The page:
Ghana’s Supreme Court has ruled that it is unconstitutional for the General Legal Council to make it mandatory for LLB holders to write entry examinations as well as pass an interview before they are admitted to pursue their professional careers in law.
A seven-member panel of the apex court headed by Justice Jones Dotse Thursday reached the unanimous decision in an application brought before it by US-based law Professor Kwaku Asare.
He was challenging the mode of admission of law students into the Ghana Law School, the constitutionality of the General Legal Council’s imposition of new admission requirements for the professional course and also the constitutionality of the General Legal Council’s policy on reviewing examination scripts and quota admissions system.
The Supreme Court panel said the basic requirements stipulated by the law that regulates the establishment of the law school LI 1296, requires that an applicant to the school should have passed specific seven subjects during the LLB program, be of good behaviour and hold an LLB degree to be admitted into the Ghana School of Law. The writing of an entry exams and passing an interview are not part of the requirements in the LI 1296.
The Supreme Court panel also ordered that the General Legal Council should take steps within the next six months to implement the orders of the court. It also declared that the judgement of the court does not take retrospective effect, but rather takes a prospective effect. It also edged the GLC to introduce a quota system for the admission of students by accredited law school faculties to present the huge numbers of LLB holders who get turned out from the faculties.
On October 15, 2015, Prof Asare filed a suit against the GLC and set up four issues for the Court to determine: 1. Whether the General Legal Council’s imposition of new admission requirements for the professional course violates Articles 11(7), 297(d), 23, and 18(2) of the 1992 Constitution?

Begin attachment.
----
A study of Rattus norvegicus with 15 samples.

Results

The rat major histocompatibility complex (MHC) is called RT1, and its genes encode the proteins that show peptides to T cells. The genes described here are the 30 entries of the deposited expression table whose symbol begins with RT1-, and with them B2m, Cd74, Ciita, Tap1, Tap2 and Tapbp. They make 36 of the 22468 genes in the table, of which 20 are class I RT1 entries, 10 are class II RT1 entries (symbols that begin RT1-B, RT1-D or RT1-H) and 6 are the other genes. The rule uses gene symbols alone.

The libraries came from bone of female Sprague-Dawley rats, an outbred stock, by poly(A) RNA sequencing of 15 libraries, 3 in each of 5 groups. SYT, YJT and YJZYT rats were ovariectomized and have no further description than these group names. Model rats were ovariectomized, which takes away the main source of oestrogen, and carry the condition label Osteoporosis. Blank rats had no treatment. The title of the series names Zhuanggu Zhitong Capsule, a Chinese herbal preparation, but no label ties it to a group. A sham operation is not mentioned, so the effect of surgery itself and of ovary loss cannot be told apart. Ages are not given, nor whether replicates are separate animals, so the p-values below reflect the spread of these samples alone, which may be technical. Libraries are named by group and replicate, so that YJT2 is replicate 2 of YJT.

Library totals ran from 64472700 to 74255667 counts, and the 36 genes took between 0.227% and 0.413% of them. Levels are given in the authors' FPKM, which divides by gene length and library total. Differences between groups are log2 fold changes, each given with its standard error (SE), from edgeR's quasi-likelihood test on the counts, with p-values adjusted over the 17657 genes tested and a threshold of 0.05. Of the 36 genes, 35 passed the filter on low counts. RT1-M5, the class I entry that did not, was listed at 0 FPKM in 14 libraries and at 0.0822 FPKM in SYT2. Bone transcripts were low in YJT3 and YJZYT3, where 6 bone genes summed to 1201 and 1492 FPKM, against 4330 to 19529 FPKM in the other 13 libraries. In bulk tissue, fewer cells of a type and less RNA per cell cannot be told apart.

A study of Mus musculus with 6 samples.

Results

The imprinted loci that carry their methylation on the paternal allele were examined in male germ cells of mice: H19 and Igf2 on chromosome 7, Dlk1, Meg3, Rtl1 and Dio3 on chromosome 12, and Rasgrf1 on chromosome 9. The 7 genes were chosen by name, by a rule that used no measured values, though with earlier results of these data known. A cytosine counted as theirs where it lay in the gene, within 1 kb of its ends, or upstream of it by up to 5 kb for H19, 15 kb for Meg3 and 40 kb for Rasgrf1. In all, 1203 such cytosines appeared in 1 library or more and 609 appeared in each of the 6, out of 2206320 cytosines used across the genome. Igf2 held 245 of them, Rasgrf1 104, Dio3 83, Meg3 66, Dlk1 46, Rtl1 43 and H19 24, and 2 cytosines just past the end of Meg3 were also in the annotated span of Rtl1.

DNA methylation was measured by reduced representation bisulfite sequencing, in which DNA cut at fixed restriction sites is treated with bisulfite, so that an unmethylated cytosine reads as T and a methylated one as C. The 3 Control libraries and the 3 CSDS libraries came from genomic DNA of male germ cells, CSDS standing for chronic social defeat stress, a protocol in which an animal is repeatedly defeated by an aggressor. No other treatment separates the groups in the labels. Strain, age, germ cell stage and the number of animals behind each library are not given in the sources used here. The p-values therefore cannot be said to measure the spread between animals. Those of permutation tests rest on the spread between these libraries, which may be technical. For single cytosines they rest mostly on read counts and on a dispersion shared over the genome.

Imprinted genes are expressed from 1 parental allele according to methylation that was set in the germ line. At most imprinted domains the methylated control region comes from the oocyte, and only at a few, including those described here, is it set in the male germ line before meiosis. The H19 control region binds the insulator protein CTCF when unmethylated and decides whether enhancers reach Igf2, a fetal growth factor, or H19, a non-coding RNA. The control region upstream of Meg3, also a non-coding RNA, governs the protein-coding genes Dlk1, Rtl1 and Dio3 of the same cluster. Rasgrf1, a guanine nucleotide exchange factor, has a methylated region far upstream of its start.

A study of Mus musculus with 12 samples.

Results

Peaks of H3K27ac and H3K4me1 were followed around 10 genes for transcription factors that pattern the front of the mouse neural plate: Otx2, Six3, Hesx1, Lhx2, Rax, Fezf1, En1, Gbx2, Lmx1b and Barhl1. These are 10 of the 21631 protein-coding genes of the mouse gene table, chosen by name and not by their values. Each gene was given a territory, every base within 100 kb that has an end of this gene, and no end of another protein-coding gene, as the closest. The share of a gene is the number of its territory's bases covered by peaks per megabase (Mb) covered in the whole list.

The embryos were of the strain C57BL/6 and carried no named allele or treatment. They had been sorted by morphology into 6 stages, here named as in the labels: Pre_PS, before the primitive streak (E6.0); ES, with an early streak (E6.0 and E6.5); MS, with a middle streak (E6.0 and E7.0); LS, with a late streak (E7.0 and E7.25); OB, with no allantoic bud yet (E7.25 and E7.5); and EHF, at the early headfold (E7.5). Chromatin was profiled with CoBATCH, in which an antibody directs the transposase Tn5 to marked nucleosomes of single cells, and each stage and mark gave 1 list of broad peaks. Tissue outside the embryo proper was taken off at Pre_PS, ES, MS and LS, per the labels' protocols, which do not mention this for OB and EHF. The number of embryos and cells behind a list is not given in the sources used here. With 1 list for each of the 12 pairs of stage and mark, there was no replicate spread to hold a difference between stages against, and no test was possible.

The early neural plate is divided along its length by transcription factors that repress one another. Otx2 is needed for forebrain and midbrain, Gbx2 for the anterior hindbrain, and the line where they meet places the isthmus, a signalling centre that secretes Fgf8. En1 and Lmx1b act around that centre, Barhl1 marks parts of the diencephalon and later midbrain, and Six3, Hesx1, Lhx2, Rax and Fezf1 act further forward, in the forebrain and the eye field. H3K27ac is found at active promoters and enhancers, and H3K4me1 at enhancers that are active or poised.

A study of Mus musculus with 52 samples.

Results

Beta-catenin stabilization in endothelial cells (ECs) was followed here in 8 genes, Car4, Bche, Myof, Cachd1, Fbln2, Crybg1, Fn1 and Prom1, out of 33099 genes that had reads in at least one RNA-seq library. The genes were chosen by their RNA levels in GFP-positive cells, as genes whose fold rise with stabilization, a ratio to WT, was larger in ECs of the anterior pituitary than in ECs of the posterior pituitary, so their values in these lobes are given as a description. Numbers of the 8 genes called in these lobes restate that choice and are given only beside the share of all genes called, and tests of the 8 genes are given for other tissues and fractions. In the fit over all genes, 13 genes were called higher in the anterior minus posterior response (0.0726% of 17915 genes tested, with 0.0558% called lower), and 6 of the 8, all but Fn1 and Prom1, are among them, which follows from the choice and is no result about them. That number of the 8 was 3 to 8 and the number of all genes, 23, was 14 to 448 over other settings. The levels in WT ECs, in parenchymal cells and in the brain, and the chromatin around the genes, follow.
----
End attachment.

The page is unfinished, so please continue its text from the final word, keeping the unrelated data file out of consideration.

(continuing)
2. Whether Regulation 3(b) of LI 1296 is void-for-vagueness and is therefore facially unconstitutional and whether the General Legal Council unconstitutionally applied it to disqualify eligible students who had qualified for admission to pursue the Professional Law Course?
3. Whether the General Legal Council’s failure to specify alternative places and modes of instruction for all persons who meet the requirement in Regulation 2 of LI 1296, when taken in light of Section 13 of ACT 32, violates Articles 296(a)(b) and 297(b) of the 1992 Constitution?
4. Whether the General Legal Council’s policy on reviewing examination scripts and quota admissions violate Articles 23, 296(a)(b) and 18(2) of the 1992 Constitution?
While the Court’s rules required the AG and GLC to have responded by October 29, 2015, they responded on January 28, 2016 and April 14, 2016 respectively. In response to the delayed Statement of Defenses, Prof. Asare, pursuant to leave granted by the Court, filed an amended statement of case on June 15, 2016. On 28th July 2016, the Court denied the plaintiff’s application to stop the GLC from holding the 2016 entrance examination.
Notwithstanding the denial of the injunction, the substantive case was not called till February 9, 2017, when the case was adjourned till March 14, 2017 when the GLC announced that it had filed an amended Statement of defense, 9 clear months after the Plaintiff’s amended statement of case.